Lower Dosage of Glucocorticoids May Decrease Risk of Death, Study Suggests
Compared with standard glucocorticoid regimen, a reduced-dose regimen may lower the risk of death and serious infections, while not increasing the risk of kidney failure, in people with ANCA-associated vasculitis (AAV), according to a review study.
No major differences between regimens were detected in terms of disease remission, relapse, or health-related quality of life.
These findings support the use of a lower-dose regimen of glucocorticoids — whose increased exposure is linked to several adverse events — in this patient population. However, because the data came from only two clinical trials, additional appropriately controlled trials are needed to draw concrete conclusions, the researchers noted.
The review study, “Comparative efficacy and safety of alternative glucocorticoids regimens in patients with ANCA-associated vasculitis: a systematic review,” was published in the journal BMJ Open.
AAV is characterized by inflammation and damage to small blood vessels due to the production of antibodies called anti-neutrophil cytoplasmic autoantibodies (ANCAs).
Standard treatment consists of immunosuppressive medications, such as rituximab or cyclophosphamide, along with high-dose glucocorticoids, due to their rapid and potent anti-inflammatory and immunosuppressive effect.
While this combination is associated with higher rates of disease remission and improved survival, prolonged use of glucocorticoids is associated with significant side effects, including an increased risk of infections, heart conditions, and other disorders.
Limiting the duration of glucocorticoid exposure or reducing its dosage would likely improve treatment’s safety profile, but it may also affect its efficacy, and optimal glucocorticoid dosing for AAV patients has not yet been uncovered.
With this in mind, an international team of researchers systematically reviewed published studies up to April 2020 reporting results from randomized controlled trials that compared different glucocorticoid regimens during induction of remission, regardless of other therapies.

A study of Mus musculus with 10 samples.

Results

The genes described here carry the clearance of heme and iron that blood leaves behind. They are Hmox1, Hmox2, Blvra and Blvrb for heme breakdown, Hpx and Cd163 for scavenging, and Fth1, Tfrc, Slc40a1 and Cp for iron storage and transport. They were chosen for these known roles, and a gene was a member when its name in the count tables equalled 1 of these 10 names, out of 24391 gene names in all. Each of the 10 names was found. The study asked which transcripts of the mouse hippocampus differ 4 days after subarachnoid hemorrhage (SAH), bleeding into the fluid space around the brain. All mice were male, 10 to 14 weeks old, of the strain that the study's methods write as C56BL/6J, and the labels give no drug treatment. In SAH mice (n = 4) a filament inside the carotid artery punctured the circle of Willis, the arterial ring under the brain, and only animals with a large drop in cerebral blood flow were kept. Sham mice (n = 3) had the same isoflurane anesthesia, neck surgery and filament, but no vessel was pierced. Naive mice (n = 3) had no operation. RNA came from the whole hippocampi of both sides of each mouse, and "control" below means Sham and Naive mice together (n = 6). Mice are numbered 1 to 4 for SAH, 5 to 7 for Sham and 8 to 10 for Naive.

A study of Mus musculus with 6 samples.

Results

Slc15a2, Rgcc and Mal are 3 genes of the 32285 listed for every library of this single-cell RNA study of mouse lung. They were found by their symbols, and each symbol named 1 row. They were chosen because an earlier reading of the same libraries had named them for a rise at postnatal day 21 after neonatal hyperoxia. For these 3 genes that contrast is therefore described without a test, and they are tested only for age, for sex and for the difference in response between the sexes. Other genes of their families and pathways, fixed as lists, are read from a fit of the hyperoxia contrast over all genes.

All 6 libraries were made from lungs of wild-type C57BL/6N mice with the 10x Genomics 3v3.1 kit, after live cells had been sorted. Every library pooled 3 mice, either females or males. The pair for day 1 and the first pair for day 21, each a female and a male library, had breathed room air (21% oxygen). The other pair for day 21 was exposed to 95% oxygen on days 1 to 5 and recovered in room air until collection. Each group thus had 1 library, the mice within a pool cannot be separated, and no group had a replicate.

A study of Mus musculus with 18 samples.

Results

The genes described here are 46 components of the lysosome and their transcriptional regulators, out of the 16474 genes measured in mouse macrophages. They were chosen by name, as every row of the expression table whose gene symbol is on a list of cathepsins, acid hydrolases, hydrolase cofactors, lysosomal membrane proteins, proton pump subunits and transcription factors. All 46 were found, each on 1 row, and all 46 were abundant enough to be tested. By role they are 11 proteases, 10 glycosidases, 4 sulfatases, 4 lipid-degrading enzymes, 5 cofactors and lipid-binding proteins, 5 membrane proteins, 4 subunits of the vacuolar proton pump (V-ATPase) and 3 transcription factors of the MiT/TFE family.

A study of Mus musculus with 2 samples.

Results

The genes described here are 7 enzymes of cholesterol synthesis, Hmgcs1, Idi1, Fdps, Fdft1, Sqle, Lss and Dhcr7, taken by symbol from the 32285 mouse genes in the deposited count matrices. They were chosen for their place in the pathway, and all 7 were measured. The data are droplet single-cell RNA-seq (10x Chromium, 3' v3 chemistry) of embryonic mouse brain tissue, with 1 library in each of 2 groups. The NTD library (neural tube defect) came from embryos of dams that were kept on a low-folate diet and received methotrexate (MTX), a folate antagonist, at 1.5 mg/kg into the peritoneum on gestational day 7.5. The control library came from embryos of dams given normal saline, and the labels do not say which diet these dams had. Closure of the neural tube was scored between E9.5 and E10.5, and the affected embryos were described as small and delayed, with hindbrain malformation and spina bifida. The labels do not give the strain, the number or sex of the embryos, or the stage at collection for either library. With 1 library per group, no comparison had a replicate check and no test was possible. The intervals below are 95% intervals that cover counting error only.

From the initial 3,912 hits, 38 studies were accessed for eligibility, and two — covering 844 patients — were included in the analysis. The two studies reported data from the international Phase 3 PEXIVAS clinical trial (NCT00987389) and the open-label Phase 4 LoVAS trial (NCT02198248) that took place in Japan.
PEXIVAS, the largest trial on this subject to date, followed 704 severe AVV patients for a median of 2.9 years to evaluate the effectiveness of plasma exchange as well as of a standard- versus lower-dose oral glucocorticoid regimen in the first six months.
Plasma exchange involves removing and replacing a person’s plasma — the liquid portion of blood that contains water, salts, and proteins such as antibodies, including ANCAs.
While the initial dose was similar between regimens (50 to 75 mg, depending on weight), dose reductions were started at different time points — second and third weeks, respectively. As a result, the cumulative dose in the low-dose regimen at six months was about 40% lower than in the standard-dose regimen.
The LoVAS study, the latest trial on the subject, compared the six-month efficacy of standard-dose (initial dose at 1.0 mg/kg/day) versus low-dose (initial dose at 0.5 mg/kg/day) glucocorticoid regimen, in combination with rituximab, in 140 adults newly diagnosed with AAV.
Both studies assessed the rates of all-cause death, kidney failure, disease remission, disease relapse, serious adverse events, serious infections, and health-related quality of life.
Combined results suggested that, compared with standard-dose regimen of glucocorticoids, the lower-dose regimen was associated with a reduced risk of death and a comparable risk of kidney failure at six months and up to 2.9 years.
While opposing trends on serious adverse event rates were observed between the trials, the rate of serious infections at six months to one year was consistently lower in the low-dose regimen than in the standard regimen.
The data also suggested that the low-dose glucocorticoid regimen “has trivial or no effect in disease remission, relapse or health-related quality of life,” compared with the standard regimen, the researchers wrote.
Notably, none of the observed differences between regimens reached statistical significance, which “may be due to the fact that the improvement of the disease by other treatments may mask the benefits of reduced-dose regimens,” the team added.
However, there was moderate certainty regarding the effects on serious infections, highlighting that using lower glucocorticoid doses may reduce the risk of one of the main causes of death in AAV.
“An important general rule is that in routine clinical practice, the use of conventional [glucocorticoids] should be ‘as much as necessary, but as little as possible’,” the researchers wrote.
Overall, the findings suggest that “compared with the standard-dose regimen, the reduced-dose regimen of GC may reduce death, probably has little or no effect on [kidney failure] among patients with AAV, and resulted in a lower risk of serious infections at 6 months to 1 year,” they added.
Given the inability to draw strong conclusions based on these two studies, “future clinical trials should evaluate whether GC dosing can be further safely reduced,” the team concluded.